FDA has for the first time authorized multiple laboratories to test for coronavirus in nasal samples collected by consumers using an at-home kit.
In an emergency use authorization issued Friday to Everlywell, FDA has permitted consumers to self-collect nasal specimens with the kit for analysis at designated, CLIA-certified laboratories, using two COVID-19 diagnostics approved under separate EUAs. Fulgent Therapeutics and Assurance Scientific Laboratories are currently authorized to test the samples.
- Friday's authorization by the agency follows earlier EUAs that allowed LabCorp and Rutgers Clinical Genomics Laboratory to collect at-home specimens for analysis at their own labs.
The LabCorp and Rutgers authorizations made it possible for some people with suspected SARS-CoV-2 infections to provide samples from home. However, FDA only authorized LabCorp and Rutgers to test specimens collected at home in their own laboratories. That means LabCorp and Rutgers are unable to ship samples collected using their kits to third parties for analysis, limiting at-home testing capacity.
Everlywell was one of several companies that sought to provide at-home testing in the U.S. early in the COVID-19 crisis. However, FDA put the kibosh on those plans in March by stating at the time that its coronavirus testing guidelines “do not apply to at-home testing.” The agency statement was in reaction to “unauthorized fraudulent test kits" that were being marketed to consumers to test for the virus at home.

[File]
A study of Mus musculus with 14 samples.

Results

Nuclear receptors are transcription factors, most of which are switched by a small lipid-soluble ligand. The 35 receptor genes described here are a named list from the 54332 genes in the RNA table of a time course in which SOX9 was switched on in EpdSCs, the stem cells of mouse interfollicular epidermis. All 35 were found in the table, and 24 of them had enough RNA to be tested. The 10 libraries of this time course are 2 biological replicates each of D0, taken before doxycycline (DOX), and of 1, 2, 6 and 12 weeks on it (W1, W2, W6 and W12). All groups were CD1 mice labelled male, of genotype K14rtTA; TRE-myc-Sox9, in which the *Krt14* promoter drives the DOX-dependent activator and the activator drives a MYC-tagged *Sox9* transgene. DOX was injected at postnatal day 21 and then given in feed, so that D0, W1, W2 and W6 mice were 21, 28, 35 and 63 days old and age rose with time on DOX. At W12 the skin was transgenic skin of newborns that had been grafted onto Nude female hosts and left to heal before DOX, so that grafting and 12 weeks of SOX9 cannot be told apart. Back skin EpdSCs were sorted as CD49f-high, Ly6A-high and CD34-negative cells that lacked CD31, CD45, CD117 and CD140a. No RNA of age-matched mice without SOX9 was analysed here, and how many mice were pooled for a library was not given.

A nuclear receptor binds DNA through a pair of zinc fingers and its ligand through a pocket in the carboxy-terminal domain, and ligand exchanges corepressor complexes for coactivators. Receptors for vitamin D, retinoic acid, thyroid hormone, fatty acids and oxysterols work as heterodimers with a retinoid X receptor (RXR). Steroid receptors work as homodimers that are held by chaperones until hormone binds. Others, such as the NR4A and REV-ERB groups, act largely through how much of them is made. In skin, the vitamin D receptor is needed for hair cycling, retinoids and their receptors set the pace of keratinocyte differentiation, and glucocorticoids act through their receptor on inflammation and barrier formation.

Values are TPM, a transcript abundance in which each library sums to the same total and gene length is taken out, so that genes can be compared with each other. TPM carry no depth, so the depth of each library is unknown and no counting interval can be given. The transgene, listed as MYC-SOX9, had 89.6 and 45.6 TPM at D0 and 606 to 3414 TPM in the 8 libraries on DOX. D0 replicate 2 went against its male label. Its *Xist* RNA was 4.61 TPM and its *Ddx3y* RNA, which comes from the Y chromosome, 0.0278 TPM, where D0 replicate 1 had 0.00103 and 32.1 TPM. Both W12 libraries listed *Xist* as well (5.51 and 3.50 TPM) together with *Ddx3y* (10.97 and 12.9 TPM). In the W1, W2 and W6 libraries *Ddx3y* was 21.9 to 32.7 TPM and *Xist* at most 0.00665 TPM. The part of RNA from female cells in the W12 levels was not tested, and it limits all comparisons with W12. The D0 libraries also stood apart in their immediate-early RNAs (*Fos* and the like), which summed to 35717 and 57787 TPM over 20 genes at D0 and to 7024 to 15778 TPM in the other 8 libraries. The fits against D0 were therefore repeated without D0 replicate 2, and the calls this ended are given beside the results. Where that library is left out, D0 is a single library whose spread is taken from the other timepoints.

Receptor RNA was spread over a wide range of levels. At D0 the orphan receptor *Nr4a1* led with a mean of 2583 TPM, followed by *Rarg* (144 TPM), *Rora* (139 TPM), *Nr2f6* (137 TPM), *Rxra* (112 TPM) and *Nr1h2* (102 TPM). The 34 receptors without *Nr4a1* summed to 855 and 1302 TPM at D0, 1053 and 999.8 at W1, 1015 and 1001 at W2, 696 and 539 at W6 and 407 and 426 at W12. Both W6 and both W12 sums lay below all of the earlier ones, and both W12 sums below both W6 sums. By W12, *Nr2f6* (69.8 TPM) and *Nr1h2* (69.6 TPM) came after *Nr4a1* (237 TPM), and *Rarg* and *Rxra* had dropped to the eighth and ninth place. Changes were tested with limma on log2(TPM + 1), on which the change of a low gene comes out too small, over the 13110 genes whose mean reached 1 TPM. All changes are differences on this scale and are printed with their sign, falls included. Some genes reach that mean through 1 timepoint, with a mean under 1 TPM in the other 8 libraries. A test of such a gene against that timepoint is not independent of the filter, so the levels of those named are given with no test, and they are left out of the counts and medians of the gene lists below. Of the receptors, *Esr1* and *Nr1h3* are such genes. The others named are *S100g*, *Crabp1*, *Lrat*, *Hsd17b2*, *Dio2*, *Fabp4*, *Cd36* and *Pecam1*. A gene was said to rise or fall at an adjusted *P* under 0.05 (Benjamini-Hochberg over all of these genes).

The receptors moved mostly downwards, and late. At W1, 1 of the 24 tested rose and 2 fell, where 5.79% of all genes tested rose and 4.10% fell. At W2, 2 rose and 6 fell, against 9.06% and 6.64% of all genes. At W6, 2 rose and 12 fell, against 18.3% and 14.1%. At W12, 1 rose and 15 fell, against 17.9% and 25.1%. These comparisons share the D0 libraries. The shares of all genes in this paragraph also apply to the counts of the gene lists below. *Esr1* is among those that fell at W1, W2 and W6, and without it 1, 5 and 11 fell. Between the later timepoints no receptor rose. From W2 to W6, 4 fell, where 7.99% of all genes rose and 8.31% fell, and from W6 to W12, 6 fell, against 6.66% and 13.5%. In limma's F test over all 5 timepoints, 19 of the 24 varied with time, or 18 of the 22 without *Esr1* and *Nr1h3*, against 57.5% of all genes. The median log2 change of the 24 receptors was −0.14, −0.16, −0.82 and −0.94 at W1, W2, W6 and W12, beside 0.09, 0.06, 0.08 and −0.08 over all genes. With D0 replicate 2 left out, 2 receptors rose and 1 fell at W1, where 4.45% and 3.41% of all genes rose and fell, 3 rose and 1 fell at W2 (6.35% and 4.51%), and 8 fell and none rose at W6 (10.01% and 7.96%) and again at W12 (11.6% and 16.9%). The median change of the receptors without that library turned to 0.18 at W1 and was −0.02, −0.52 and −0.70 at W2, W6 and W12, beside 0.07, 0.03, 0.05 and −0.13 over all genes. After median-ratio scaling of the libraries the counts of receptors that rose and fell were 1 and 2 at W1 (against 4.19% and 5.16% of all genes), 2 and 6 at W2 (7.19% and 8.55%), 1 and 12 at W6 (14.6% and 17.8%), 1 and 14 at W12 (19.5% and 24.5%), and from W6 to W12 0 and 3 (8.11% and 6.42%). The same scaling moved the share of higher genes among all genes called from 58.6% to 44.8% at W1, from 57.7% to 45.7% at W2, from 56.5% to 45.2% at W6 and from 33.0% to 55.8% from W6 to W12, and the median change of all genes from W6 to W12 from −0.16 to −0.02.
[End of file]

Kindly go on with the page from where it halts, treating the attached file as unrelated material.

FDA’s statement prompted Everlywell to donate its tests to hospitals and healthcare systems while working to gain authorization to provide its at-home sample collection kits to the wider public. Everlywell received that authorization late last week.
The EUA goes some way to lessening at-home capacity constraints. With the Everlywell authorization, FDA has, for the first time, permitted multiple laboratories to test specimens gathered using an at-home sample collection kit.
Fulgent Therapeutics and Assurance Scientific Laboratories are currently authorized to test specimens collected using the Everlywell kit. The EUA leaves the door open for more sites to analyze samples collected using the kit, stating only that labs must be CLIA-certified to run high complexity tests, designated by Everlywell and use a FDA-authorized nucleic acid amplification test.
So far, FDA has authorized two COVID-19 diagnostic tests to be performed at the labs using samples collected with the Everlywell kit. Additional tests may be authorized in the future for use with the kit "provided data are submitted in an EUA request that demonstrate the accuracy of each test," according to the agency.
Everlywell secured its EUA with a filing that addressed concerns about the ability of people to take samples at home and the stability of specimens sent in the mail. To validate its approach to sample collection, the company cited several years of data on its other at-home test kits that showed 95% are returned to labs successfully. Everlywell used third-party data to address stability concerns.
In conjunction with the EUA, Everlywell has created instructions to guide people through the sample collection process. The document details how to collect and identify a sample, and how to safely send it to a laboratory for analysis.
Everlywell is working with third-party physician network PWN Health on the program. PWN has put together a screening process to assess if someone is eligible for at-home testing. If a person clears the screening process, PWN will write their prescription for testing and contact them if their result is positive or inconclusive. PWN will notify people who test negative by email, phone or online portal.